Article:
The Hurricane Energy (HUR) share price just jumped 10%. Time to buy?

The Hurricane Energy (LON: HUR) share price has risen strongly in 2022, and the oil explorer boasts healthy profit margins.



Over the past 12 months, Hurricane shares are up 170%, but that hides the fact that they didn’t really start picking up until May 2021. From its low point that month at a meagre 0.6p per share, HUR has now spiked by a massive 1,400%. I can’t help thinking that momentum might finally have turned.

Hurricane has been dogged by a number of problems. Some prospects turned out bad, and then the Covid-19 pandemic hit. From November 2019 to that low of May 2021, we saw a the HUR share price collapse by 98%.

But it looks like things are turning around. Importantly, Hurricane is now profitable. At the 2021 interim stage, it recorded $124.5m revenue from its Lancaster field, offshore Scotland.

Hurricane profits

That generated $75.9m in operating cash flow, and profit after tax of $42.8m. At 30 June 2021, the company had $132.3m in net free cash on its books. But possibly the biggest cause for optimism is Hurricane’s cash production cost, which came in at $24.80 per barrel. When oil crashed to $20 in 2020, that was not great. But at today’s price, it suggests a hefty margin of close to 80%.

But it brings me to what I see as the biggest risk. The soaring oil price looks to be the main factor behind the HUR share price acceleration, rather than growing production.

The company’s latest update, in February, showed the Lancaster field producing 299 Mbbls during the month, at an average rate of 9,639 bopd. That’s not a bad rate of production, but it’s not accelerating. In the first half of 2021, Lancaster production averaged 11,100 bopd.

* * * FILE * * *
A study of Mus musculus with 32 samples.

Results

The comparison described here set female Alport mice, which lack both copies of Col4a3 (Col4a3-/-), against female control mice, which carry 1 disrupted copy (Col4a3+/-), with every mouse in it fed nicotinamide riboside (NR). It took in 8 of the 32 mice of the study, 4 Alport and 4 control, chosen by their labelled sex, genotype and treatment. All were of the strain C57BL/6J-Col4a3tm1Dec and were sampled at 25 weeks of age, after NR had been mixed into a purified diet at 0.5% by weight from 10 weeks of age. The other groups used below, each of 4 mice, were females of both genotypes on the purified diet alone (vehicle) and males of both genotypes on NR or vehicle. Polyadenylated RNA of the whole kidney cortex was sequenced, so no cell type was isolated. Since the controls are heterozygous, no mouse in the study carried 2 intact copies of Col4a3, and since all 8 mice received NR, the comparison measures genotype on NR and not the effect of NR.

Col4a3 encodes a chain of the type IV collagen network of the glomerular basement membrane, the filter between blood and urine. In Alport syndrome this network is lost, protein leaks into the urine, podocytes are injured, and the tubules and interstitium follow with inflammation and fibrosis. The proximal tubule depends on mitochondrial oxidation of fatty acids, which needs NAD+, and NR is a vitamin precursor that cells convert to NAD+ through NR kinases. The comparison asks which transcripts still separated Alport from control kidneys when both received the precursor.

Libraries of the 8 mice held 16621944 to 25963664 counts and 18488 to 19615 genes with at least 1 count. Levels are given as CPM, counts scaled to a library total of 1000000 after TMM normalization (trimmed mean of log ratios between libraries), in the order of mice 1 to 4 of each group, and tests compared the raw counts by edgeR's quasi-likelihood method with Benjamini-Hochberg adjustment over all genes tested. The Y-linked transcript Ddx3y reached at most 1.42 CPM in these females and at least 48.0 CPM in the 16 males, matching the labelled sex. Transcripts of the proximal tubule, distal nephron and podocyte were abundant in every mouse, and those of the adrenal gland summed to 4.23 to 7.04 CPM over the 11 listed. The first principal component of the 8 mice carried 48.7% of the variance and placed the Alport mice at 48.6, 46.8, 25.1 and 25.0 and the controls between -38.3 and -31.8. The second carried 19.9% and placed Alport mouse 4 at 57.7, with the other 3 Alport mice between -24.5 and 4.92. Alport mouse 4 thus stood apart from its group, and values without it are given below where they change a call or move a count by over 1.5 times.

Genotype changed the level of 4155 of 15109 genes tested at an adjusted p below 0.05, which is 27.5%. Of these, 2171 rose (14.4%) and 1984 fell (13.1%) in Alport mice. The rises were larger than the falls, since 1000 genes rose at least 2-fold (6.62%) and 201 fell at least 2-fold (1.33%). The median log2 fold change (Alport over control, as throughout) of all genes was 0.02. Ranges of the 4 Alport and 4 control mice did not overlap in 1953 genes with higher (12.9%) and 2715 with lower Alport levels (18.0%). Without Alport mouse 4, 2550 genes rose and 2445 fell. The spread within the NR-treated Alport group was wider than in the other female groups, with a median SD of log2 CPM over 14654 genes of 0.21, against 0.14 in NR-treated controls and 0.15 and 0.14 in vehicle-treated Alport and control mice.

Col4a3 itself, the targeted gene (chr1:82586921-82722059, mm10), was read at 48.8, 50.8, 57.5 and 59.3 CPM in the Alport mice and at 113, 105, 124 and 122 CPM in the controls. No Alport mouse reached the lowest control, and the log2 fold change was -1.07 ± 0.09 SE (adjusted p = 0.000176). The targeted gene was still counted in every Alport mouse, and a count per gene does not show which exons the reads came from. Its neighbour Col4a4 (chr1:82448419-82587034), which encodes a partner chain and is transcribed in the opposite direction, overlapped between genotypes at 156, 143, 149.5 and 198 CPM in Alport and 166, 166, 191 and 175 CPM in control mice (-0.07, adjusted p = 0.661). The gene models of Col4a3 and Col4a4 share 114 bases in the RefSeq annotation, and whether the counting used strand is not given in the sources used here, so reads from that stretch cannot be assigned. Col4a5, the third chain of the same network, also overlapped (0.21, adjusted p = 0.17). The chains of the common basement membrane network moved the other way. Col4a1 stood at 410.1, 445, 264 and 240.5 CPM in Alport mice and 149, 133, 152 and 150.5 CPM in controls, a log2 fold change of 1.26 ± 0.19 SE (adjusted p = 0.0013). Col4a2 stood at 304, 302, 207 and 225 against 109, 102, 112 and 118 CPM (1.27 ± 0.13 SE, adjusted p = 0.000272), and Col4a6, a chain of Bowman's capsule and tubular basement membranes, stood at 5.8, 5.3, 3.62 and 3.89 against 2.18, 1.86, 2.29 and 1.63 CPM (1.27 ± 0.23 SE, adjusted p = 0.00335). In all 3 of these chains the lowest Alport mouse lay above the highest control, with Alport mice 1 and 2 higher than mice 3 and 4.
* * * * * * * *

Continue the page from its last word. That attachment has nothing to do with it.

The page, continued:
HUR share price pressure

 I expect to see pressure on the HUR share price when the oil price falls back again. There’s still potential for very healthy margins, mind. And if oil should stabilise in the $50-$70 range, I’d be optimistic about Hurricane’s long-term prospects.

That brings me to the debt situation. In its February update, Hurricane told us that following early problems, “the regulator has now formally requested that the company lodge additional funds as decommissioning security.” The firm expects that will “increase the amount of funds placed into trust, and which are therefore classified as restricted cash, from £28m to £33.7m.”

Cash squeeze ahead?

Some cash has come in from tax rebates, and net free cash at 31 January reached $85m ($77.3m after the anticipated security effect). That’s up from $50m at 31 December, which is a pleasing trend. But the company does note that “not all of the net free cash would be available for repayment of the remaining outstanding Convertible Bonds at their maturity in July 2022.

I do think I see an oil exploration company on the verge of making it into sustainable profits here, and I’m tempted to buy. But on the other hand, I think the HUR share price is likely to depend heavily on the oil price. And I fear there might be a financial squeeze ahead. I will keep watching.

Should you invest, the value of your investment may rise or fall and your capital is at risk. Before investing, your individual circumstances should be assessed. Consider taking independent financial advice.

Alan Oscroft has no position in any of the shares mentioned. The Motley Fool UK has no position in any of the shares mentioned. Views expressed on the companies mentioned in this article are those of the writer and therefore may differ from the official recommendations we make in our subscription services such as Share Advisor, Hidden Winners and Pro. Here at The Motley Fool we believe that considering a diverse range of insights makes us better investors.